Most recently my 5yo son said, “Daddy can you put on that new new Arcade Fire track?” “Sure, no problem”, I say. "Daddy, as soon as it's over, can you play it again?" "Um, yea, sure, why not", I say to him. As soon as I drop my kids off at school, I’ll pick something else to play for the duration of my commute. While I am at my office, I’ll cue up a downtempo playlist titled BoomPing, which has artists such as, Boards of Canada, Aphex Twin and Amon Tobin. Perfect playlist to keep me focused and motivated throughout the day.
Needless to say, I use Spotify a lot. I suppose the persona I am fulfilling is: I am a big music nerd, I buy vinyl records regularly, but I also get great satisfaction of searching and sifting around various genres and stumbling onto something along the way.
According to Spotify’s website, as of March 2017, they had 50 million paid customers and over 140 million active users as of June 2017. Spotify’s reach is also growing in 60 international markets. When compared to Apple Music, I prefer Spotify’s minimal visual design with the charcoal gray background and off-white text, as opposed to Apple Music’s standard white background. Over the last few years, I feel Spotify's UI has improved for certain features, but definitely not for all. I still wish there were more options to customize the layout, but I can live without it.
- Subscribers: Over 50 millian (as of March 2017)
- Active users: Over 140 million (as of June 2017)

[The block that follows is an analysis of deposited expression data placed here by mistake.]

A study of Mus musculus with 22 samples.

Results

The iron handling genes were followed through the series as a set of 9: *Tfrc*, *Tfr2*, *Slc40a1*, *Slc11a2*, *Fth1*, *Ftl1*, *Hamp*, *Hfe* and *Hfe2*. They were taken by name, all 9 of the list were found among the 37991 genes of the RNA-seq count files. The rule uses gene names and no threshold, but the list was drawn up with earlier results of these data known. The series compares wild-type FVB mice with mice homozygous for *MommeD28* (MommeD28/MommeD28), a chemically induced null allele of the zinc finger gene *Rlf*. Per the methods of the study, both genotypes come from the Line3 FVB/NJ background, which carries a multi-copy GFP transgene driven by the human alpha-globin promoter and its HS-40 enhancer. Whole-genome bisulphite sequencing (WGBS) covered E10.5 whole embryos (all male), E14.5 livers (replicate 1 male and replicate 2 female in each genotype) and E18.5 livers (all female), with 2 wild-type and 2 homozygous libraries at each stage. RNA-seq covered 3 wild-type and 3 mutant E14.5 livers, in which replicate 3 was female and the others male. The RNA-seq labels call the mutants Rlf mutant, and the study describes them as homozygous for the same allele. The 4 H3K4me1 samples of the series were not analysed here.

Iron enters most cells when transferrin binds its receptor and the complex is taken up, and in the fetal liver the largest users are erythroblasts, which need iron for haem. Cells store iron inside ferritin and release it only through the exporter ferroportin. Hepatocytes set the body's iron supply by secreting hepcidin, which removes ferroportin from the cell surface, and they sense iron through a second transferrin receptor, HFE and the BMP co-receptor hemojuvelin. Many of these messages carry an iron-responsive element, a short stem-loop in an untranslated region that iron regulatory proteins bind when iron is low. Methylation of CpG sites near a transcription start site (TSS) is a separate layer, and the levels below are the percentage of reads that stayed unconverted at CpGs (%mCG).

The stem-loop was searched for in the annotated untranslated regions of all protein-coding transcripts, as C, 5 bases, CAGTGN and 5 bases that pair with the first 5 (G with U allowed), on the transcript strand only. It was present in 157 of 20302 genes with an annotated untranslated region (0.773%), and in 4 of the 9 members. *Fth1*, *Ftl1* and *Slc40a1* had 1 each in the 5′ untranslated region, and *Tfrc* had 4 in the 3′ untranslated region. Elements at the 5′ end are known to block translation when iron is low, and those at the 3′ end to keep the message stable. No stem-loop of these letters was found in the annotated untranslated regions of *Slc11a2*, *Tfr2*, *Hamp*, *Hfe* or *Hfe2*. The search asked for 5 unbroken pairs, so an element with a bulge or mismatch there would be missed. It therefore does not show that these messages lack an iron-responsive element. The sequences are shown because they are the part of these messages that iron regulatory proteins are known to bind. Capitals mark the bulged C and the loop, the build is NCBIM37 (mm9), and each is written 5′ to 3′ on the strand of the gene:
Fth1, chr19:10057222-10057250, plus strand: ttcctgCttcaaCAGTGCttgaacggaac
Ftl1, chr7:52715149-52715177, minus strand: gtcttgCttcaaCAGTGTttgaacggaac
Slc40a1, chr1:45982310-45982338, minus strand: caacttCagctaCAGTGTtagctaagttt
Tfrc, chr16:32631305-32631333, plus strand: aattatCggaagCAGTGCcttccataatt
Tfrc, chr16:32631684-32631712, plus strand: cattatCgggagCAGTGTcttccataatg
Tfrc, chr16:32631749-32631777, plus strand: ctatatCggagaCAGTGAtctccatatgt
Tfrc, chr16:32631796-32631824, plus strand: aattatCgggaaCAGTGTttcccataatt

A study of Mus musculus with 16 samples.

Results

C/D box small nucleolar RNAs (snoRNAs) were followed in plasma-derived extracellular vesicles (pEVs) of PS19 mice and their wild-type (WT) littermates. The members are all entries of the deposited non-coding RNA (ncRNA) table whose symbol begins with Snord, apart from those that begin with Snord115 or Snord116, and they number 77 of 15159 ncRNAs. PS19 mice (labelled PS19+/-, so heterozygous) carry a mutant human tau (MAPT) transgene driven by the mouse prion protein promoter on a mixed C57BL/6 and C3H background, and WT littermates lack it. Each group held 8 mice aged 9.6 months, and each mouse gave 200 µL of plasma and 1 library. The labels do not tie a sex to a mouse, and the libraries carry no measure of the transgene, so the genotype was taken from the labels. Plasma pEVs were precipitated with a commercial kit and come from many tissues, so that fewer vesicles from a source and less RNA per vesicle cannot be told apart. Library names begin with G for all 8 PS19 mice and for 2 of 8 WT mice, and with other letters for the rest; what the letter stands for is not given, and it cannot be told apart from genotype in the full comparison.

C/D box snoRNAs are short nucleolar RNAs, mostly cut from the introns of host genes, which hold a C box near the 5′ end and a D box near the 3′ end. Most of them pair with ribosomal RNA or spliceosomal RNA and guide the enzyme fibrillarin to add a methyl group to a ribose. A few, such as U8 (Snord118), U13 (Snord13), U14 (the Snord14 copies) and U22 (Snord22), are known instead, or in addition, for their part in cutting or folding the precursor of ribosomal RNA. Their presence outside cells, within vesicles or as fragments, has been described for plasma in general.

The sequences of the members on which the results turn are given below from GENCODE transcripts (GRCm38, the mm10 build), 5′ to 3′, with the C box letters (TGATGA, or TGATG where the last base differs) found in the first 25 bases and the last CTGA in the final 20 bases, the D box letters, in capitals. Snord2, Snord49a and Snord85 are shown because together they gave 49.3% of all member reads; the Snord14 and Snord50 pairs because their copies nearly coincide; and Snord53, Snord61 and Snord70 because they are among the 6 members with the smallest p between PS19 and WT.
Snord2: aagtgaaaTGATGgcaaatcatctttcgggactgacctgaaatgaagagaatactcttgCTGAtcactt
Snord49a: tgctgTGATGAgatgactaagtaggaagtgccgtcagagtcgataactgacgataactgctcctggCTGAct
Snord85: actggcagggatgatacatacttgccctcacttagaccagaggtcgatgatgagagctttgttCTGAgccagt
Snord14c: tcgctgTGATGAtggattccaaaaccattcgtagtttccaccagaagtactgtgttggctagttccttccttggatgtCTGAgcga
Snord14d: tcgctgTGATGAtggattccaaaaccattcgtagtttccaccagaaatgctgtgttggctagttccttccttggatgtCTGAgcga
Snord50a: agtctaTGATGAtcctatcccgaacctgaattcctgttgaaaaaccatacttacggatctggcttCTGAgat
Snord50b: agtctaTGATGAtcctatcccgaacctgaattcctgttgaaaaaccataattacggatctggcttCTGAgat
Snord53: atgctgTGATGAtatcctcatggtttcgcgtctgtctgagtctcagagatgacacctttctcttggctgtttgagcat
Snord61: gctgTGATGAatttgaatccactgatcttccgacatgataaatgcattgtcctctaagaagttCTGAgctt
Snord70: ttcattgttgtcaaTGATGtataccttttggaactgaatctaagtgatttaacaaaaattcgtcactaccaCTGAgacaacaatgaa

- Revenue paid to rightsholders: $5bn (as of September 2016)
- Number of songs: Over 30 million
- Number of playlist: Over 2 billion
- Available in 60 markets - Andorra, Argentina, Austria, Australia, Belgium, Bolivia, Brazil, Bulgaria, Canada, Chile, Colombia, Costa Rica, Cyprus, Czech Republic, Denmark, Dominican Republic, Ecuador, EI Salvador, Estonia, Finland, France, Germany, Greece, Guatemala, honduras, Hong Kong, Hungary, iceland, Indonesia, ireland, Italy, Japan, Latvia, Liechtenstein, Lithuania, Luxembourg, Malaysia, Malta, Mexico, Monaco, New Zealand, Netherlands, Nicaragua, Norway, Panama, Paraguay, Peru, Philippines, Poland, Portugal, Singapore, Slovakia, Spain, Sweden, Switzerland, Taiwan, Turkey, UK, Uruguay and USA.
He one area I am rather puzzled over is why Spotify hasn’t offered more interactivity with the Friend Activity feature.
If you’re not familiar with Spotify, Friend Activity allows you to see what your friends are listening to, however I never seem to feel it updates in real time (you have to manually refresh the page).
Friend Activity is a great way to snoop on your friends music taste and at the same time find something new to listen to.
What if, while a user is listening and actively engaged in the UI, he/she will see a friend listening to something on the right side of the screen and may want to give a thumbs-up or may want to make a comment on something they are listening to.
It would also be great to drag songs we think our friends would like into a playlist repository and we can add a message saying, “check this out!” Spotify gives significant real estate to the right side Friend Activity, so there’s plenty of room to add additional features to allow users to engage what their friends are listening to.
Do I need more interaction functionality in Friend Activity in order to keep using Spotify. No! Would I enjoy using it regularly? Absolutely!
User Experience Strategist for Think Design at their newly established Denver, Colorado studio. Stephen draws upon his 10+ years of cognitive behavioral experience to understand and strategize how and why users experience the digital and physical world.